Kyiv also decapitated the Russian in a Russian-Ukrainian Friendship monument from the Soviet era.
Russian President Vladimir Putin threatened unfriendly countries he would cut off their energy supplies if they did not pay in rubles.
Poland and Bulgaria will stop receiving Russian gas on Wednesday. Other countries still refuse to pay in rubles.
Russia has also claimed Ukraine is building nuclear weapons.
Kyiv Chops Russian Head Off of the Russian-Ukrainian Friendship Monument
I wonder why it remained after 2014. Well, it’s gone now:
The eight-metre (27-ft) bronze statue depicted a Ukrainian and Russian worker on a plinth, holding aloft together a Soviet order of friendship. The statue was located underneath a giant titanium ‘People’s Friendship Arch’, erected in 1982 to commemorate the 60th anniversary of the Soviet Union.
“We now see what this “friendship” is – destruction of Ukrainian cities … killing tens of thousands of peaceful people. I am convinced such a monument has an entirely different meaning now,” Kyiv mayor Vitaly Klitschko said.
Workmen started by removing one of the two bronze heads, which fell to the ground with a hollow clang.
As a crane lifted the monument off its moorings and gradually lowered it to the ground, a crowd of around 100 people cheered and shouted “Glory to Ukraine” and other slogans.
“Russia invaded Ukraine … Can we be friends with Russia? What do you think? This is our worst enemy, that is why the monument to Russian-Ukrainian friendship doesn’t make sense any more,” said Serhiy Myrhorodsky, one of the designers.
Ukrainian Nuclear Weapons?
Well, Russia has to say anything to justify launching the full-scale invasion:
“The need for demilitarization is due to the fact that Ukraine, saturated with weapons, poses a threat to Russia, including from the point of view of the development and use of nuclear, chemical and biological weapons,” Secretary of the Russian Security Council Nikolai Patrushev, said according to state-owned news agencies.
The Kremlin has previously claimed without evidence that Ukraine is developing a nuclear weapon, but it escalated its accusations this week after Russian Foreign Minister Sergey Lavrov said that the threat of nuclear conflict “is real.”
“The danger is serious,” Lavrov told Russian media. “It is real. It should not be underestimated.”
Germany Changes Mind on Weapons
Germany will send heavy weaponry to Ukraine. The West applied a lot of pressure on Germany to step up:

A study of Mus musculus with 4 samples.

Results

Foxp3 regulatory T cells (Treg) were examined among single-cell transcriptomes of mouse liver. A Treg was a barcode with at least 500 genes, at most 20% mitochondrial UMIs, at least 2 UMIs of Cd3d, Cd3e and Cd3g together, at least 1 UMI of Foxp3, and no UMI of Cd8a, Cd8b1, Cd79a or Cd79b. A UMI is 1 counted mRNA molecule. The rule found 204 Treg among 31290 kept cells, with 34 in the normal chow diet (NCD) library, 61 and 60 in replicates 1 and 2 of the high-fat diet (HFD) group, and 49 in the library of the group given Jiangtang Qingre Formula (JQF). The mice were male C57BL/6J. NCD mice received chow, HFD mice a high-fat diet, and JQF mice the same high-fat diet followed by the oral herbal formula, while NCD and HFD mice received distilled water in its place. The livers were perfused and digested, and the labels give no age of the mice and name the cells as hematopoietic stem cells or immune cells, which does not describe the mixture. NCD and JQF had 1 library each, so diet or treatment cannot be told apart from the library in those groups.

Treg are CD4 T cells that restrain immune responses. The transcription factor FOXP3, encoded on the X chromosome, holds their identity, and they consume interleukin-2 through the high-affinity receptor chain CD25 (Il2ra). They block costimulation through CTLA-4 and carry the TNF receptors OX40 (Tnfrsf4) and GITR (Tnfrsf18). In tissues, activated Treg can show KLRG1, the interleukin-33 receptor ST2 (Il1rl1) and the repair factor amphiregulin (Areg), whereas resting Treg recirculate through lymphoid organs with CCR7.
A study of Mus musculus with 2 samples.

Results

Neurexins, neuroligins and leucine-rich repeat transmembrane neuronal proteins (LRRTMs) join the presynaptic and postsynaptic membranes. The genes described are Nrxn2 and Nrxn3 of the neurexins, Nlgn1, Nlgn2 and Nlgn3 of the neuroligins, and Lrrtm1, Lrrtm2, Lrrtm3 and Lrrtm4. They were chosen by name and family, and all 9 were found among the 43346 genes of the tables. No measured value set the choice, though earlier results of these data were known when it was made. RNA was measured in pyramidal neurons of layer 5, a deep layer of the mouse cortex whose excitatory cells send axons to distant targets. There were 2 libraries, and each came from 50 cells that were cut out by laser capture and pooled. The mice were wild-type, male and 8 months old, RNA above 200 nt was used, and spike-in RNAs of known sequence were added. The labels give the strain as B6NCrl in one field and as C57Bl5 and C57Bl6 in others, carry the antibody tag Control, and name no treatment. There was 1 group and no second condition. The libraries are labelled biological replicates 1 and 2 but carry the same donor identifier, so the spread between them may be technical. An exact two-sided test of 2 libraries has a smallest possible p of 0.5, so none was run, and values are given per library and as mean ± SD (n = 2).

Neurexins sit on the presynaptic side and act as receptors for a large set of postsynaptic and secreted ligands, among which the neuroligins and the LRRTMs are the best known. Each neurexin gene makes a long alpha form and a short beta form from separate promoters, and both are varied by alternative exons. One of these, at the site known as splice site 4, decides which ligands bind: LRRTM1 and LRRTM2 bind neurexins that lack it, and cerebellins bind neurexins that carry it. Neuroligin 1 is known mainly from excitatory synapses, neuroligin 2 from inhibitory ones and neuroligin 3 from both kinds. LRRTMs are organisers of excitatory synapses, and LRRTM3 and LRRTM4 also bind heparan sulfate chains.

Christine Lambrecht, Germany’s defence minister, announced on Tuesday that Berlin would permit the shipment of anti-aircraft cannon tanks known as the Gepard — meaning Cheetah — to help Kyiv defend itself against Russia’s invasion. “We are determined to combine our efforts to help the Ukrainian people in this existential emergency,” she said.
Lambrecht unveiled the decision at US-hosted defence talks at the Ramstein air base in western Germany, organised to shore up support for Ukraine and co-ordinate the delivery of arms. Representatives from more than 40 nations are attending.
Lloyd Austin, US defence secretary, welcomed the “major decision”, suggesting that Berlin may look to send more equipment and “continue to look for ways to . . . provide good capability to Ukrainians”. But he warned that Ukraine’s backers had to “move at the speed of war”. The Pentagon chief said earlier that western countries would “keep moving heaven and earth” to supply Ukraine with weapons to defend itself.
Scholz, Germany’s chancellor, has for weeks resisted calls for the country to deliver heavy weapons, such as tanks and armoured personnel carriers, to Ukraine, saying such a move might trigger a direct military confrontation between Nato and Russia that could lead to a nuclear war.
Polish state-controlled gas group PGNiG said Gazprom told them it would halt supplies on April 27.
Gazprom supposedly said the same thing to Bulgarian state gas company Bulgargaz.
This is only the beginning:
The spat between PGNiG and Gazprom is the first test in the stand-off between Europe and Russia over rouble payments, suggesting a willingness in Moscow to cut supplies that have helped to bring in billions of dollars of revenue since the war began.
“This is a warning shot to the rest of Europe,” said Laurent Ruseckas, an energy analyst at S&P Global, who added that drawing in alternative supplies from Germany to Poland would put further pressure on European gas prices.
Front-month future contracts tied to the TTF, Europe’s benchmark natural gas price, spiked as much as 15 per cent on Tuesday following local media reports on Russia’s plans to suspend gas flows to Warsaw.
Europe received about 40 per cent of its gas from Russia before the invasion of Ukraine and while the EU aims to reduce that reliance by two-thirds by the end of the year, member states would struggle to sustain economic activity with a prolonged cut-off of Russian supplies.
Officials in Poland, which has been working to wean itself off Russian gas in recent years, moved to reassure citizens that the latest move would not affect gas supplies.
Anna Moskwa, Poland’s climate minister, said the country was “prepared for a complete cutting-off of Russian [energy] resources”, including coal, gas and oil.